There are three major types of output from this project: knowledge, methods, and prototypes. Major project outcomes are detailed below and will be updated as the project progresses.


Semi-automated soldering of components onto two insulated copper wires for the production of robust electronic yarns

A key outcome of the project is to develop the knowledge needed to solder small electronic components (semi-conductor chips, MEMS devices, etc.) onto multiple, insulated, fine copper wire, and to use this knowledge to create methodologies to solder components in an automated fashion. This builds on knowledge established in an earlier EPSRC project (EP/M015149/1) where a semi-automated process to solder components onto a single, non-insulated, multi-strand copper wire was developed.

To further reinforce the E-yarn, and to provide the final yarn with a uniform shape and textile appearance, modifications have also been made to the encapsulation and covering processes employed. The automated encapsulation station now encapsulates the soldered component with multiple supporting yarns. This not only adds additional strength in the direction of the copper wire interconnects, but also gives the final yarn a more uniform appearance.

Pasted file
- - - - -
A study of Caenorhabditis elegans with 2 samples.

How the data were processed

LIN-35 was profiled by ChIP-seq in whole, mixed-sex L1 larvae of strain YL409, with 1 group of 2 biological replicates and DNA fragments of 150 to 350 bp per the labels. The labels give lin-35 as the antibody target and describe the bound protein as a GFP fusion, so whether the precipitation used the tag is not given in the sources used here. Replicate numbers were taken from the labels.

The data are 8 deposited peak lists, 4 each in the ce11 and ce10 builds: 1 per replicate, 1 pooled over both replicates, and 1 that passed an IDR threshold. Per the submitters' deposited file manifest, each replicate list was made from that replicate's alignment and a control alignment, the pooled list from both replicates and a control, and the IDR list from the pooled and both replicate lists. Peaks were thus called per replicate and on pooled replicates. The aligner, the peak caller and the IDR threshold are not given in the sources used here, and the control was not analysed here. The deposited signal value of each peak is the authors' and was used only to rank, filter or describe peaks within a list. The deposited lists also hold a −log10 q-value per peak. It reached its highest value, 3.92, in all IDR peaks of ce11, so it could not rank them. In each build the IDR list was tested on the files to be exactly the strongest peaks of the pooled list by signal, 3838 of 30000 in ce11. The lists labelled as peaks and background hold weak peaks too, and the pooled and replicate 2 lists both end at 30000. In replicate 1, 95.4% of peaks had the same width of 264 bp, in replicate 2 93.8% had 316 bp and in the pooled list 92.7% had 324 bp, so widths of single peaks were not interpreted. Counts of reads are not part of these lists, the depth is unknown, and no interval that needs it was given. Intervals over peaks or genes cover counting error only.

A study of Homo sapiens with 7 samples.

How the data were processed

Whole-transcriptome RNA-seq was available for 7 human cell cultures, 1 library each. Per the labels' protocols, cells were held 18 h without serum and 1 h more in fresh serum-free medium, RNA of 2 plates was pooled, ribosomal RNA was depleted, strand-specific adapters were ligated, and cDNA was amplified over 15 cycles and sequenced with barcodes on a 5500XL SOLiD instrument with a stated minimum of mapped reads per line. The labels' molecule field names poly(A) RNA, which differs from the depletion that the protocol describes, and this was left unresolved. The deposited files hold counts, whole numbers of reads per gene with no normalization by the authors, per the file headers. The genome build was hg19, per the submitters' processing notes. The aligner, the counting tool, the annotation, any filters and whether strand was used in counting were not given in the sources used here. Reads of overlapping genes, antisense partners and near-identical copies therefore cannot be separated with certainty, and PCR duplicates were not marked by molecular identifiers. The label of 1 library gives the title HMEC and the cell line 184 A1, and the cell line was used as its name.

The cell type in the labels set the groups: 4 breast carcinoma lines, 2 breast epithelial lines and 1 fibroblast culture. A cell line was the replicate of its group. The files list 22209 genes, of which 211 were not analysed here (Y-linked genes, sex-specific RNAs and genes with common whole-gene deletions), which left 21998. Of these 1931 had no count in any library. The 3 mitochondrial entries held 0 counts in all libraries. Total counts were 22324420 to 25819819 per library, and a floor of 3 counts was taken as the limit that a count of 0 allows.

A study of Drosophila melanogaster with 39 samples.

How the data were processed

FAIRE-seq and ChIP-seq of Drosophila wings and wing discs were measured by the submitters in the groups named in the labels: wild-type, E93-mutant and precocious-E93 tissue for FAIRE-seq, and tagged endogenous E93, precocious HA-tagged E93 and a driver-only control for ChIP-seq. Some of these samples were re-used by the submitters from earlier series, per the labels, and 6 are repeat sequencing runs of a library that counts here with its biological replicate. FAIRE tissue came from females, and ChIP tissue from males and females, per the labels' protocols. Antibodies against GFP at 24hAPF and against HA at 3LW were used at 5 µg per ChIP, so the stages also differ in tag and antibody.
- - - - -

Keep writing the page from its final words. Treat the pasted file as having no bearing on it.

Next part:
Finally the ensemble is covered in a braided structure that is created using a suture braiding machine. This consolidates the structure and gives the E-yarn a normal textile appearance.

A schematic detailing the composition of the new iteration of E-yarn design is shown below.

The production process develop to create this new iteration of the E-yarns is shown below.


Light-up shoelaces

A pair of shoelaces that light-up and flash have been developed in collaboration with project partner QinetiQ. The flashing laces, which each contain 24 LEDs, were created to improve the safety of joggers and cyclists at night by increasing their visibility. The flashing pattern of the laces is controlled by a small (commercially available) microcontroller that is discretely integrated into a silicone pod at the side of the shoe: The pod also includes the battery.

A short video of the shoelaces in operation is shown below.

Vibration monitoring glove

A knitted glove that is capable of measuring vibration at two points on the hand (index finger and palm) has been developed for the monitoring of hand transmitted vibrations. Hand transmitted vibrations can lead to serious musculoskeletal, neurological, and vascular disorders; therefore, monitoring vibration exposure can prevent overexposure to vibrations and therefore injury. The current glove prototype includes four vibration sensing E-yarns.